The global oil price hike has spiked Bangladesh’s remittance inflow despite concerns that it may hit the economy.
In 28 days of February, the country received around $1.15 billion sent by expatriate Bangladeshis, a 22.14 percent year-on-year growth, according to data released by the Bangladesh Bank on Thursday.
In the first eight months of the current fiscal year (July-February), the non-resident Bangladeshis or NRBs remitted around $9.5 billion with a growth of over 16.5 percent on the same period last fiscal year.
Analysts had earlier blamed a drop in global oil prices, which had troubled the oil-rich countries in the Middle East, the largest destination of Bangladeshi workers, for the fall in remittance in past few years.
The price of crude oil is between $63 and $67 per barrel now. The price dropped as low as about $40 last year.
Finance Minister AMA Muhith thinks the rise in global oil price has helped increase the remittance.
Speaking to bdnews24.com, he said around 60 percent of the remittance received by Bangladesh comes from the Middle East.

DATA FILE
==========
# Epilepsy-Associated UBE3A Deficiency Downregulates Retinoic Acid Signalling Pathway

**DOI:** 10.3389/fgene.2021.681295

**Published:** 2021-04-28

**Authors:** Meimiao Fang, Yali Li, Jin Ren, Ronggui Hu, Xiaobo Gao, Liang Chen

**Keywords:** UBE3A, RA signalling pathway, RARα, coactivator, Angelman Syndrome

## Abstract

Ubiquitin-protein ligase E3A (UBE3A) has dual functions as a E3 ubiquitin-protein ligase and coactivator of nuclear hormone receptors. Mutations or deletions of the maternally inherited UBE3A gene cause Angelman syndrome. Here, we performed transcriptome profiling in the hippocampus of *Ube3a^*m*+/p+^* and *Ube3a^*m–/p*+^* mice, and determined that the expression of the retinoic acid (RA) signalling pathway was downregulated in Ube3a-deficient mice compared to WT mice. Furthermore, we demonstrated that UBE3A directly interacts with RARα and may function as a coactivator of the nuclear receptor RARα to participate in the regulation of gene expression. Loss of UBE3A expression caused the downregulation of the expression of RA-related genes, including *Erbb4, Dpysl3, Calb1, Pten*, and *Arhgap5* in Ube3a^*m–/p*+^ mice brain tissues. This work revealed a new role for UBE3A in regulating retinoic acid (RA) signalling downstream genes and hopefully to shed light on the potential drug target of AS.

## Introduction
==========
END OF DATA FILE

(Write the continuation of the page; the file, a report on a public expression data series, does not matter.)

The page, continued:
“Recently, the remittance from the Middle-East countries dropped due to the drop in oil price and changes to the policies regarding foreign workers in these countries.
“The situation is improving slowly. A rise in oil price has bolstered the economies of the Middle-East countries. Now the expatriate Bangladeshis there are earning more and sending more,” the minister explained.
A central bank official, requesting anonymity, said the increase in the value of and demand for US dollar against Bangladesh taka due to the pressure of import was another reason behind the rise in remittance.
“The demand for dollar is high as import has increased. That’s why the banks have grown more enthusiastic about bringing remittance to meet their own demand,” he said.
“The value of dollar is the same at the kerb market and banks now. So the expatriates are sending money through the banking channels now,” he added.
The rise in remittance has also helped Bangladesh’s foreign currency reserves to grow to $33.36 billion.
The reserves had dropped below the $32 billion mark after Bangladesh paid import bills of November-December period to the Asian Clearing Union in the first week of January.
Officials said the forex reserves will drop again after clearing the January-February import bills next week.